8/1/2013 2:08:00 PM "Lights out" for New Era wind farm
By Paul Martin
After months of cautious statements in measured legal language, the Minnesota Public Utilities Commission (PUC) issued a series of orders on July 26 that almost certainly ends the plan to build a large "wind farm" between Goodhue and Zumbrota.
For some years, the hotly contested proposal for up to 50 large turbines generating up to 78 MW of power has dragged forward, pitting developers and some local landowners against concerned residents. Now it looks like it is "lights out" for the project.
In March, the PUC had asked the developers, now known as New Era Wind Farm, 13 pointed questions about the status of their plans. They were not satisfied by the answers they got. In their new order, the PUC
Refused New Era extra time to complete the wildlife studies and other information they had demanded. They concluded: "The ultimate issue before the Commission is straightforward - is New Era so likely to bring its wind farm on line by December 31, 2013 that it is reasonable to subject the host community to the continued uncertainty that extension of the in-service date would bring?"
Refused to extend the date laid down for power generation to start in the original Certificate of Need. New Era had asked for that date to be extended from December 31, 2011 to December 31, 2013. The PUC do not believe even that deadline could be met. Again noting local concerns, they wrote, "Local residents have been subjected to some five years of uncertainty as to whether their community will be hosting a wind farm."
Revoked the Site Permit needed to start construction from the current August 23 deadline. They noted that New Era is now involved in lawsuits with some of the landowners who were hoping to draw income from turbines sited on their land. This means that they can't guarantee that they could go ahead using current siting plans, the PUC believe.
Found that the transfer of ownership and purchased power agreements to New Era violated State law concerning the project's crucial C-BED status.
No Local Ownership
Initial approval of the project was based on almost total local ownership. C-BED stands for Community-Based Energy Development. State law has encouraged locally owned power cooperatives, and given them favored status. One effect is that the power generated can be sold for above-market prices because of state subsidies. The initial development company, AWA Goodhue Wind, showed almost 100% local ownership. After at least two deals, however, current ownership is based in Nevada.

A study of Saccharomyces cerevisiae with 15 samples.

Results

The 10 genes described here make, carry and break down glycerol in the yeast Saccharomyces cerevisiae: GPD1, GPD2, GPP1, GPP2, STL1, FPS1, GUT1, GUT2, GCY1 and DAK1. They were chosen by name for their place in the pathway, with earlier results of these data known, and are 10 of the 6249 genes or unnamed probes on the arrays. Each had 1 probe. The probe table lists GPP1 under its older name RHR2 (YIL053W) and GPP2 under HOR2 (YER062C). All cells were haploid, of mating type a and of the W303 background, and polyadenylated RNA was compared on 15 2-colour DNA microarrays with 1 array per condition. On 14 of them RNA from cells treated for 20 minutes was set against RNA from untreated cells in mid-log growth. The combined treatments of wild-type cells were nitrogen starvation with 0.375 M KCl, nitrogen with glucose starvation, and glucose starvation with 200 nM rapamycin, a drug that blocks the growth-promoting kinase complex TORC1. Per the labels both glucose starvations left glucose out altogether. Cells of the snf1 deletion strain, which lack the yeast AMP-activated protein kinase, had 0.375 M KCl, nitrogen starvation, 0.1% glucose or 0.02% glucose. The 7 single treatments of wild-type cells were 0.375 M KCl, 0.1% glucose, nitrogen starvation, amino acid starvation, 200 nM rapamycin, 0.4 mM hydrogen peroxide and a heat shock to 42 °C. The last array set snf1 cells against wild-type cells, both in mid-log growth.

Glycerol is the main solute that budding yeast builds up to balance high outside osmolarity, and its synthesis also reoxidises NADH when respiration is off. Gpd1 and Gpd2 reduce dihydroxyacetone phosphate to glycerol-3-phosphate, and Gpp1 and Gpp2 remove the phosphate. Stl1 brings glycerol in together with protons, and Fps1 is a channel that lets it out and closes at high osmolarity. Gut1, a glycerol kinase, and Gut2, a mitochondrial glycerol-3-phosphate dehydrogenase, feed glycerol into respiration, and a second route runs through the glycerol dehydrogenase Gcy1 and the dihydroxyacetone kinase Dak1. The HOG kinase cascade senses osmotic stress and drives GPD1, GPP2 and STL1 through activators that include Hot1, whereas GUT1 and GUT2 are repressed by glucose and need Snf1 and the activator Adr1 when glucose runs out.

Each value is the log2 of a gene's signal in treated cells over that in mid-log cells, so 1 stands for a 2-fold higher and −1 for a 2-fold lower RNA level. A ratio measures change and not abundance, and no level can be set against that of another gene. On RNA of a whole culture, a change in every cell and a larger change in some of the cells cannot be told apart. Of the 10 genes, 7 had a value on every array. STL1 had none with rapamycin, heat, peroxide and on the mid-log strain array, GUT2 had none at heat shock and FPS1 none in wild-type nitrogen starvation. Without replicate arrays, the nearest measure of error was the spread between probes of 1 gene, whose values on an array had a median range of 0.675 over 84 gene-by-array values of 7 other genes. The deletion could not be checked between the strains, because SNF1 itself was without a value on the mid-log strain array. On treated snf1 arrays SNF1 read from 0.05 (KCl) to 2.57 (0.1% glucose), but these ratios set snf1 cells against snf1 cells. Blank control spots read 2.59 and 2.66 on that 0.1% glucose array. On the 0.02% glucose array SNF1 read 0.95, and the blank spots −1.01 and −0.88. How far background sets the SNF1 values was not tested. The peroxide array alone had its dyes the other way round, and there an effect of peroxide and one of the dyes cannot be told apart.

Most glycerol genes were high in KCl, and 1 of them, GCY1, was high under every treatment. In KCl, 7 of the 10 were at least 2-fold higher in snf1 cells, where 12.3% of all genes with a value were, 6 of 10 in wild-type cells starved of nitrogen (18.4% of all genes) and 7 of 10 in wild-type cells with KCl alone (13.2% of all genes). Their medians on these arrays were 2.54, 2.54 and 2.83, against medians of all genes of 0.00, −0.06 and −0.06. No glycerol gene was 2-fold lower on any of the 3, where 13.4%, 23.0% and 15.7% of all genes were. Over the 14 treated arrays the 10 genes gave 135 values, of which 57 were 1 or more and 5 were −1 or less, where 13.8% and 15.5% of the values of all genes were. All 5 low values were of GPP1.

No Power Sales to Xcel Energy
On July 16, Xcel Energy pulled the plug on its contract to buy the power generated by the proposed wind farm. New Era responded by including in their request for more time hopes to find another purchaser, or to transfer the agreement to another wind farm. The PUC denied this, too.
No Complete Wildlife Studies
Over the last year, local protestors have questioned New Era's wildlife studies. They claim that these studies have consistently undercounted, or even willfully ignored, bats and several endangered or threatened bird populations, including loggerhead shrikes and golden and bald eagles. The PUC noted these concerns, and said New Era had still failed to produce convincing figures.
County Commissioner for the area Richard Samuelson was pleased that the question is almost resolved. "I hope we can move on now with no hard feelings," he said. "I don't want the message to go out that we are opposed to clean energy in Goodhue County, but this project was in the wrong place."
Minneola Township resident Barb Stussy said that concerned area residents remain cautious. "We can't be certain the project is finished until the August 23 site permit deadline has passed without New Era filing for an extension," she noted. They also urge Goodhue County to withdraw their resolution supporting the plans as a C-Bed project, which they have so far been unwilling to do because of fear of lawsuits. "In any similar situation in the future, a resolution of support should include a deadline, and not be open-ended," she said.